Create a Clean Cubist Logo in Photoshop
Think about your favorite famous brand. The first thing that comes to mind is the logo. Logos play the most important part in establishing a memorable brand, but it’s a tough task to condense all of the admirable aspects of an organization into a single simple symbol. Ask any designer or brand manager, and they’ll reiterate how important it is to get the logo right.
From the designer’s point of view, it should be aesthetically attractive and effectively connote the brand message. When designing a logo, you should give special attention to the typeface, spacing, and symbols, because your logo design could make or break the brand impression.
In this tutorial, we will create a stylish cubist logo with a clean aesthetic. We will use some interesting techniques and blending options to achieve the final outcome. Before we start with the logo, let’s have a look ahead at the final outcome.
Our logo will have the trendy cubist style while maintaining the intended clean and sharp look. We are going to design the logo of a very famous fictional brand “Adjusted”. So, let’s start with the base. As our company name is “Adjusted”, we will design the logo in the shape of dials or controllers. So, first create a new layer, click on “Layer” > “New Layer” or you can also use the “New layer” option within the layers panel.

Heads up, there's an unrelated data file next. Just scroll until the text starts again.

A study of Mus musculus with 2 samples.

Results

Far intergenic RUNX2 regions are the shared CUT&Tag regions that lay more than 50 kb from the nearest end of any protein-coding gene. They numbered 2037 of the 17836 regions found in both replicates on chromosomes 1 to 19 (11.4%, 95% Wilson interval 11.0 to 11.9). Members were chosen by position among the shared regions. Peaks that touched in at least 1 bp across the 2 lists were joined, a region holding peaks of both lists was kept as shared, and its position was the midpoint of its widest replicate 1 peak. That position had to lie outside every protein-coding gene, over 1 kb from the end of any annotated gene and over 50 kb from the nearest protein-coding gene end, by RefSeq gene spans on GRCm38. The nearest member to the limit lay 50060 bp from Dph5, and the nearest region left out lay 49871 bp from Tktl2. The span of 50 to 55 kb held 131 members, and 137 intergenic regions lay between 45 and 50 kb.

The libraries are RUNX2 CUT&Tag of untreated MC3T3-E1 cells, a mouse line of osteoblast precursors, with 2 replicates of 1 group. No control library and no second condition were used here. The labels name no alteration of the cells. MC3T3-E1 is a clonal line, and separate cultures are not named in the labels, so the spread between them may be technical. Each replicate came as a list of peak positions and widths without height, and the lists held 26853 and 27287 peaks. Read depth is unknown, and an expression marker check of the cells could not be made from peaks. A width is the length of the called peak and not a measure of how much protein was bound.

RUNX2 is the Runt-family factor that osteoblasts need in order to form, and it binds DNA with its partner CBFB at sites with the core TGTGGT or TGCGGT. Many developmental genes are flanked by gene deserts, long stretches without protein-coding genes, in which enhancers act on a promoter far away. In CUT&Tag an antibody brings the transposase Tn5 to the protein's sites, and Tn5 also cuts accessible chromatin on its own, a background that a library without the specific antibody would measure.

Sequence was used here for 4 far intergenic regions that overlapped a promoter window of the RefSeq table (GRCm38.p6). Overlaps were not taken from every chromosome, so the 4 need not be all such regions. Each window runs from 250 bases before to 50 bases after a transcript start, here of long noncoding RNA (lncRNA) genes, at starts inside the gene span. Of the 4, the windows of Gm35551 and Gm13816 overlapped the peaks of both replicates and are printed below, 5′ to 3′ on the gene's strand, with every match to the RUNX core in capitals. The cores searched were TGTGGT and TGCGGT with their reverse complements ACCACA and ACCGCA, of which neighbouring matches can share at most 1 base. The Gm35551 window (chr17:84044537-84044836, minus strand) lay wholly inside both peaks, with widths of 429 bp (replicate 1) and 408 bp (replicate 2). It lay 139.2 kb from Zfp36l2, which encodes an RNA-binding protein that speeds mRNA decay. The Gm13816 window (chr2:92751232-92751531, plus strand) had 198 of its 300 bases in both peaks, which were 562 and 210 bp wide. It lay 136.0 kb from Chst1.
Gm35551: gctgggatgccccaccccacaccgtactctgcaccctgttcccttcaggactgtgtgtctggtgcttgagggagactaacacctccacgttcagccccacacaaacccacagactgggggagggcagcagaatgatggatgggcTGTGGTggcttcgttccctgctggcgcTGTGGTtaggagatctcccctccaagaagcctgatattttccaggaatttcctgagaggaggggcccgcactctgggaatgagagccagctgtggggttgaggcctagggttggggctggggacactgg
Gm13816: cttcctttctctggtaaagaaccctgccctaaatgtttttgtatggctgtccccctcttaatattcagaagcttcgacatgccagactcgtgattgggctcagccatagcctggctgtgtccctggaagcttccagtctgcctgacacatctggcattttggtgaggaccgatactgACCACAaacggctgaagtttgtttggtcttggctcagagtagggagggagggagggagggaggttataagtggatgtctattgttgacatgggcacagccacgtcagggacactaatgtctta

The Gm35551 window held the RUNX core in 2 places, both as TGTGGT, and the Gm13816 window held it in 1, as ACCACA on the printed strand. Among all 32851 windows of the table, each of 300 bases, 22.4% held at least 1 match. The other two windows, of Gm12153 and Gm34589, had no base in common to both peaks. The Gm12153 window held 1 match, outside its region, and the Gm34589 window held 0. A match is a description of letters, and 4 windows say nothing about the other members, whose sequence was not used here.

Now we will add some cubist style to our logo by covering our logo with lots of subtle geometric shapes. First, we will select the rectangle layer and create a clipping mask by pressing down Command-Opt (for Mac) or Ctrl-Alt (for Win) + “G”.
Now, let’s add the brand name or title. Select the type tool and add text using color #ff5337. I’m going to add a 1px “Inner shadow” and add some pattern to our text, but that is optional — if you want you can leave it as it is. Our clean and stylish logo is done.
If you are working on a logo of your own, experiment with different approaches, as there are new styles and techniques rising to prominence all the time. You’d be surprised what your clients and customers may like, and you’ll never know unless you step outside of your comfort zone and try an unproven style.